A new British Standard has been published that addresses how biodiversity and protected species and habitats are considered in a planning context. BS 42020:2013 – a code of practice for planning and development, seeks to codify the methods of ecological assessment when surveys are used to support planning applications in England and Wales. The new standard gives clear recommendations and guidance to ecological consultants, planning applicants and planning authority decision makers, to ensure that ecological considerations are given the appropriate weight at each stage of the planning process, and are sufficiently informed by scientific assessment. It further seeks to advise on how professionals involved in decision making where biodiversity is impacted by planning applications on:

  • meet their obligations under their respective fields’ codes of ethics; and
  • adopt a professional and scientific approach to the collection, analysis and presentation of ecological data where this may affect planning decision or regulatory approvals (e.g. the granting of European protected species licences). 

The new standard applies to all natural environments, both terrestrial and aquatic/marine. Martin O’Connor, ecological surveyor and licenced bat worker says:

“The committee have designed the standard with the aim of ensuring that there is a consistency and clarity to the way ecological assessments are approached by applicants and consultants, and importantly, in the way they are interpreted by planning officers.”

A new idea that has found its way into the standard is the necessity for planning applicants to produce information that clearly and concisely summarises the potential net loss or gain of habitats, should a development go ahead. While this is welcomed by conservation groups, like Natural England, who were overwhelmingly positive about the standard in their consultation response, it obviously presents both a challenge (risk) and opportunity for developers of schemes that are likely to impact on British wildlife, which has steadily declined over the last 50 years. David Fatscher, head of sustainability at BSI comments that:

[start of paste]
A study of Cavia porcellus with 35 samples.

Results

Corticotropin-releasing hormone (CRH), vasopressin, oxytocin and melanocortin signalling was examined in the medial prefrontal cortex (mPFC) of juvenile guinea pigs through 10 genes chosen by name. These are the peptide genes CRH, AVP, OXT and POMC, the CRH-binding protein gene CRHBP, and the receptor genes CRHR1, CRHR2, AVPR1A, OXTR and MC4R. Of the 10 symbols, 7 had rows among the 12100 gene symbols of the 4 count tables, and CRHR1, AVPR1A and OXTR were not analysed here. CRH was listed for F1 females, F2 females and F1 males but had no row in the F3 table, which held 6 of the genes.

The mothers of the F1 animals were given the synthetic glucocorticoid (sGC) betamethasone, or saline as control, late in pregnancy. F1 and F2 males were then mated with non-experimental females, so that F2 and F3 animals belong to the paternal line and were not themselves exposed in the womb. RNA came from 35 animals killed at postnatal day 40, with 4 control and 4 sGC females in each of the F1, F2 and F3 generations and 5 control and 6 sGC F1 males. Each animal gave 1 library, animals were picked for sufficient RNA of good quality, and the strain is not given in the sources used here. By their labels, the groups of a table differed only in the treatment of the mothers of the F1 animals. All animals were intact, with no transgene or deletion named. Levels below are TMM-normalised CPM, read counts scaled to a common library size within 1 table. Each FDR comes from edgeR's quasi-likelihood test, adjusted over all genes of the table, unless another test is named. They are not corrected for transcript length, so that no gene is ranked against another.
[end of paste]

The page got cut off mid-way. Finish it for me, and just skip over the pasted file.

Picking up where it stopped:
“When we plan new buildings we have a responsibility towards the biodiversity in that location.”

This is true, of course, but the statement is perhaps at odds with the ‘biodiversity offsetting’ ideas that are being banded about by DEFRA and other groups. Will developers have to ‘prove’ that their construction project has a net benefit for biodiversity “in that location”, or will offsetting feature in the near future – or end up as a licence to trash the environment in profitable areas to develop, simply because ecological enhancements are being installed elsewhere, in less profitable locations? Time will tell. You can purchase the standard directly from BSi by following this link.